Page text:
Dr. Samples has formal training in LEAN for Healthcare through the Center for Executive Education, College of Business Administration, University of Tennessee
Introducing the first steps of LEAN always brings a question or story to mind to illustrate a point.
Have you ever noticed what happens when a new construction project starts somewhere and you walk by it every day? At first, you notice the construction and the disruption that occurs because of it; however, within a short time you walk by the site and you stop noticing the mess or the disruption. The same is true in our work environments.
Over the span of 38 years in pharmacy, I have worked in, managed, and inspected hundreds of pharmacies, and it always amazes me how blind the staff is to their disorganized and sometimes cluttered pharmacy operation, much like the construction site example.
That brings us to one of the first steps of preparing to implement LEAN processes in a pharmacy environment, the 6 S’s.
- Sort (Seiri) – often called “red tagging,” where items and materials not needed for work are removed. I was recently in a pharmacy in which there were completely empty shelving units close to the staff, while clutter and tight spaces were in other production areas. The pharmacy also had an entire shelving unit devoted to old CPUs, which should have been destroyed/recycled a long time ago. The key to “red tagging” is to set up processes so that your pharmacy does not keep or horde unnecessary waste in a fast-paced operation.
- Set in Order (Seiton) – this step deals with organizing tools, equipment, and other items by grouping them based on their function. For example, placing labels in accessible areas so that staff can easily reach them when needed. In pharmacy, this means foundation logistics/supply work to ensure everything has a place and that place is properly identified/labeled. It also means thinking through your plan-o-gram to ensure that you have all the items you need within six feet in either direction of your work “center” location so your team can perform 85-90% of their tasks. That is, when your staff is filling prescriptions, ideally they’d be able to perform 90% of all their work and not have to move more than six feet from their workstation.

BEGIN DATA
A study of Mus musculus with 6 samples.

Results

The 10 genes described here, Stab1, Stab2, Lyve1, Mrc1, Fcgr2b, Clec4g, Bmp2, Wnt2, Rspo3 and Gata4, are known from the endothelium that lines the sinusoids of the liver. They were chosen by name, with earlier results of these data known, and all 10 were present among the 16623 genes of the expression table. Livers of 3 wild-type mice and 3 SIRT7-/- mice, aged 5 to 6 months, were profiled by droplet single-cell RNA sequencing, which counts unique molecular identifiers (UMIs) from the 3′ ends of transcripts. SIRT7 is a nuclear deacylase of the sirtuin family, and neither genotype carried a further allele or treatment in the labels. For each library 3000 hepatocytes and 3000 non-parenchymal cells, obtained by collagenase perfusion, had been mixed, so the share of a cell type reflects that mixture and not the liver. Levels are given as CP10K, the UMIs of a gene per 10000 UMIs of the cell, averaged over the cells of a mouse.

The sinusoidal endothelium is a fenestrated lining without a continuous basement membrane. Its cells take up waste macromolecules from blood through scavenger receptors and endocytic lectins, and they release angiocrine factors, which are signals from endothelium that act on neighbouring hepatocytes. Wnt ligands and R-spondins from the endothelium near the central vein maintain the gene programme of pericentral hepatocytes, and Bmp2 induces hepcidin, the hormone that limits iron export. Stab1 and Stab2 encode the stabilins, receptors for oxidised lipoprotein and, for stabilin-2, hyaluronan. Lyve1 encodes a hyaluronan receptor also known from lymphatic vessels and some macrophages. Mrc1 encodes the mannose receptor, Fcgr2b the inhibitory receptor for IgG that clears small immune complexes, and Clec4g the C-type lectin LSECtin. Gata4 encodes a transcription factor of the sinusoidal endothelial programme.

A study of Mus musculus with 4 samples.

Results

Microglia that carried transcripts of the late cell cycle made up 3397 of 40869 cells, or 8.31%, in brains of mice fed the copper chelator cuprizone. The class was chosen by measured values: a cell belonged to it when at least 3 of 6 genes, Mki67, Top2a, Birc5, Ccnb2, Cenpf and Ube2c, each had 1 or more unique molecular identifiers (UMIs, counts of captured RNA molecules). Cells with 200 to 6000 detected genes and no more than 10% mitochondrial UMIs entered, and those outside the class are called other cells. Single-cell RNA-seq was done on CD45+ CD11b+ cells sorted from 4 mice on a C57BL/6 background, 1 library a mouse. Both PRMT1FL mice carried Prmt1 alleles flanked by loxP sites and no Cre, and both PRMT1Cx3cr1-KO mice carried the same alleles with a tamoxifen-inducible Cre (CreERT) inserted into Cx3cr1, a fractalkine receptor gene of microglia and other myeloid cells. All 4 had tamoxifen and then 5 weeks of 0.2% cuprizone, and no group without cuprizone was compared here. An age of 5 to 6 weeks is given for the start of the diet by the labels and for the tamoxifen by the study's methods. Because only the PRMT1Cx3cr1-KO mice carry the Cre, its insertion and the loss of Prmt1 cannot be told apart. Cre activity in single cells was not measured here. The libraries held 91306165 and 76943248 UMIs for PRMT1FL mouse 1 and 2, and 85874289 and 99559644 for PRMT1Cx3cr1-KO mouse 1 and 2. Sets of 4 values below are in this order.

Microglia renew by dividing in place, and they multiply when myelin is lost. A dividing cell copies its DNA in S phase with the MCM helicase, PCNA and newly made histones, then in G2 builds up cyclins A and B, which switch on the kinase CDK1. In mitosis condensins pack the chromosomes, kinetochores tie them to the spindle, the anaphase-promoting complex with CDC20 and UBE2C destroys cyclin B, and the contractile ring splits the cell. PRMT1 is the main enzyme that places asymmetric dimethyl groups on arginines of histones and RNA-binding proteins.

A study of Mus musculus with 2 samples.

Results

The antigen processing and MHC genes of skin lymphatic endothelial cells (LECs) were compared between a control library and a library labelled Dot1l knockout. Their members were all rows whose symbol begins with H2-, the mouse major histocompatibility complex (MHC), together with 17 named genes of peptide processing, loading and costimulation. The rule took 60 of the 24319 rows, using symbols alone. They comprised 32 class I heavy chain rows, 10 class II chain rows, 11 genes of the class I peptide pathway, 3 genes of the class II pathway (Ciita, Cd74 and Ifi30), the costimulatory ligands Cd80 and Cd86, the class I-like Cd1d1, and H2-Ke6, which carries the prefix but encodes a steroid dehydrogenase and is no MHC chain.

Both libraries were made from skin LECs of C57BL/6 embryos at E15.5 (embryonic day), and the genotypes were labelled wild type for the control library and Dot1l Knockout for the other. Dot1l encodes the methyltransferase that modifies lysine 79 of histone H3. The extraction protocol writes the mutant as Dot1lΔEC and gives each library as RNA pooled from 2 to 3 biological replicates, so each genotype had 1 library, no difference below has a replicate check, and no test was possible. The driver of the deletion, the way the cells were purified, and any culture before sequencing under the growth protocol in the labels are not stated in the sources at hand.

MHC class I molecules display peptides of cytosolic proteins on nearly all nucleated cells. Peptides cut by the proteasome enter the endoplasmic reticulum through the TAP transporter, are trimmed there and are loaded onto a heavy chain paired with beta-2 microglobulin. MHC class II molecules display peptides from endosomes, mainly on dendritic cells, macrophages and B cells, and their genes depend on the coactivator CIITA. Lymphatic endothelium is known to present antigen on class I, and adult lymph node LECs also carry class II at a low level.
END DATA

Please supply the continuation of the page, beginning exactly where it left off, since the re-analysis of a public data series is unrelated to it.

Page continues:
- Shine (Seiso) – includes activities like cleaning the workplace, maintaining its pleasant appearance, and using preventive steps to keep workspaces tidy and clean. This may seem strange to mention this to a healthcare operation, but unfortunately this is often overlooked, and it can have a huge impact on patient and staff perception. This becomes second nature when this task is performed on a daily basis.
- Standardize (Seiketsu) – the method of establishing a new workplace norm by providing visual reminders, setting expectations of workers’ responsibilities, and conducting routine inspections and regular site checks. If it’s important to the leadership, it will be important to the staff.
- Sustain (Shitsuke) – depending on the environment, the long-term goal and most challenging step of the 6S method is when your pharmacy consistently applies standardized procedures until they become habitual. It’s especially challenging in an environment where leadership/management changes on a relatively routine basis and requires extra effort and diligence to ensure success.
- Safety – this additional step (not originally included in the 5 S’s of LEAN) focuses on identifying hazards and setting preventive controls to keep staff safe during work operations. The use of a safety checklist to identify hazards is key to maintaining a safe workspace and appropriately documenting policies/procedures and training.
In summary, you don’t have to be an expert in LEAN principles and processes to implement the 6 S’s. I can assure you that when you implement these principles, your staff’s attitude, your processes and your patients’ perceptions will all improve. So, what are you waiting for? Get onboard with LEAN and transform your pharmacy into a smooth running, prideful operation.